On a clear day, experience has taught us that watching a sunrise or sunset is a lot easier on the eyes than at noon. When it's right above us, all those rays pass through a relatively thin atmosphere. But at dusk, the sun is more parallel with the earth's surface, meaning all that light is geometrically coming at you from a steeper angle and through a lot more atmosphere.
Adding to the visual appeal is the fact that the atmosphere filters out many of the shorter wavelengths of colors like green, blue and violent. Longer wavelengths featuring red, orange and yellow aren't so obstructed by a thicker atmosphere, which is why sunsets have that fiery look.
But a mountain view of a sunset is something else. For openers, because of the elevation, you can see it set longer than if you were at the same location in lieu of a peak to stand on. And since the air getting a little thinner they higher you're up on a mountain, the atmosphere allows for more of those other colors of the spectrum to show up.
It's like watching a drive-in movie from way up high. There's no plot to follow, but who cares? And while plenty of mountain ranges offer a cool view of a day's end, here are some of the most popular.
A Maui Wowie Experience
Hawaii's known for its sun, sand, and surf, but if you're on a more mountainous island, the sun provides an additional treat. Its sunsets are so spectacular many of the national parks offer access to visitors to watch everyone's favorite celestial body put on a show.
Haleakala National Park on Maui is one of the more popular destinations to catch the sun in action before disappearing for the night. It's best to get to the park at least an hour early to get directions from the visitor center, then it's off to the summit. At night, it helps if clouds are around to add a touch of crimson to the proceedings. But otherwise, it's a great opportunity for folks to catch what's called The Golden Hour.
Blue Ridge Mountains Turn Into A Georgie O'Keeffe Painting
While legendary painter Georgia O'Keeffe mostly created work inspired by her New Mexico surroundings, her choice of colors, especially bold reds and oranges, could easily apply to sunsets further east in the U.S. And nowhere more kaleidoscopic are those hues more evident than in the Blue Ridge Mountains stretching across the Carolinas, Georgia, Maryland Tennessee, Virginia and West Virginia.
The best place to catch them in the range is along the Blue Ridge Parkway, boasting 500 miles of road with overlooks designed to catch the evening spectacle. It's an occasion to catch those reds, oranges, and yellows, with blues, violets, and greens bouncing off clouds and other airborne particles to complete an atmospheric canvas.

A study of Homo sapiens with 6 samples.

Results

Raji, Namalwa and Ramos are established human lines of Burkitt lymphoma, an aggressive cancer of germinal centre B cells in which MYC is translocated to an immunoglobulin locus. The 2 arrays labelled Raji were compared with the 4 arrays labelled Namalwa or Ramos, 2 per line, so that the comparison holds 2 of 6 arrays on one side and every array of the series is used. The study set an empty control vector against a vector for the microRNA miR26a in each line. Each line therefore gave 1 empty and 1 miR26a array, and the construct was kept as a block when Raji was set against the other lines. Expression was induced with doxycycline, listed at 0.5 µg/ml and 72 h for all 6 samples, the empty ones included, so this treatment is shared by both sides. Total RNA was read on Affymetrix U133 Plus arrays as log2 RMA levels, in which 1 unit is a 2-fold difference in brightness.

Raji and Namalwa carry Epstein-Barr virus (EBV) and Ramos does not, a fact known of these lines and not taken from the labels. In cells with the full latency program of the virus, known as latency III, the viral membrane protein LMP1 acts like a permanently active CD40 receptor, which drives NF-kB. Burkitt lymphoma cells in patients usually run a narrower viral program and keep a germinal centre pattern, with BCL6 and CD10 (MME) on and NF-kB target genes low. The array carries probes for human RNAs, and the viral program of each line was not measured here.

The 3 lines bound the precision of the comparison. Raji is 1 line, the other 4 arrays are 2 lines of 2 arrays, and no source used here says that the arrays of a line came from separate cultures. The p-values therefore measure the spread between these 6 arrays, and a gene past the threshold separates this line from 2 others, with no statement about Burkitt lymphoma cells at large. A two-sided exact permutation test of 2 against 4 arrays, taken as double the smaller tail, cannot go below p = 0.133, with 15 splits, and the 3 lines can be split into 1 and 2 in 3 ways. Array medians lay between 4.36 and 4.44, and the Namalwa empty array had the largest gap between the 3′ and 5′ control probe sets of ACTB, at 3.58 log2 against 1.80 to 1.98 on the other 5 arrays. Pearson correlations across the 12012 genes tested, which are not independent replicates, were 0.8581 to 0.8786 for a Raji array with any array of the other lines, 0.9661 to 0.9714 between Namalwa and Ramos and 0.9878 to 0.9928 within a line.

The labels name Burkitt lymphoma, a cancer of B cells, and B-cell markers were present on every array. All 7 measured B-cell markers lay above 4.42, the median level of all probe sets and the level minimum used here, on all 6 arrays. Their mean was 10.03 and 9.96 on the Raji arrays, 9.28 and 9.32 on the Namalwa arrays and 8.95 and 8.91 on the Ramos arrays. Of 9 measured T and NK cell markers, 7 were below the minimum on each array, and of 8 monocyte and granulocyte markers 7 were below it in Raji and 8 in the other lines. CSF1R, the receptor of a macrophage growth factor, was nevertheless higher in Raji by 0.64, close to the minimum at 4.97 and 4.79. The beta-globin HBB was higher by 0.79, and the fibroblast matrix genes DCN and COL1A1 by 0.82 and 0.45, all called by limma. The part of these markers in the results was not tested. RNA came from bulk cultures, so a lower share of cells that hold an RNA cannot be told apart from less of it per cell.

The Peaks Are Set Aglow In The Himalayas
It's not likely you'll be able to see the sunset atop any of the Himalayan peaks in Nepal. The elevation is pretty high and unless you're extremely fit and don't have an issue wearing an oxygen mask, the sky is the limit when it comes to a front-slope view. If you're lucky, you might be able to catch a peek between its peaks. But the bonus is that you get to see the sun use the Himalayas like a projection screen as the rocky surfaces reflect the visual majesty of a Nepalese sunset.
One option to catch this view from up high is via Nepal's Himalayan Sunrise and Sunset Tour, a nine-day excursion through the country. Besides catching the sun on the horizon, the tour also includes tours and temples in such spots as Kathmandu, Bandipur, and Pokhara. Some locations even have towers to view the sunsets.
A Panorama Of Crimson In The Andes
There's every little to dispute regarding ranges when it comes to South America, the north-south stretch of the Andes is one of the most popular sunset locales. But beyond that, however, Argentina and Chile would forever be butting heads about which country boasts better views.
According to Trip Advisor, some of the most popular sunset tours in Chile take place in Santiago, the country's capital, where the Andes are just a blink of an eyelid away from view. Most of the tours, naturally involve Chilean wine.
But if you want to get a bit more rustic to catch the kaleidoscope from higher up, sunset buffs opt for Mount Aconcagua in Argentina's Parque San Martin. Although Aconcagua is the highest peak in the Andes, it's easily accessible via hiking trails making it more convenient to see the sights at night.
The Sun Paints A Carpathian Canvas
While mountains tend to offer more picturesque sunset scenes than their flatland counterparts, there's something about the rages in Eastern Europe that's different when witnessing nightfall. It's as if there's a mood being set in the sky. Perhaps the oncoming darkness is a stark reminder of the region's wartorn past or maybe it has something to do with the lush vegetation on these lower-altitude slopes that symbolize how precious life really is.
Regardless, you can't get much more melancholy than witnessing the sunset in Ukraine's Carpathian Mountains and locals are eager to point out Mount Hoverla, which at an elevation of nearly 7,000 feet is the range's tallest peak. Besides visiting the mountain to catch a view of a sunset that seemingly has its own story to tell, another amenity is witnessing agrarian life that is still defiantly traditional, even after decades of change elsewhere in the world.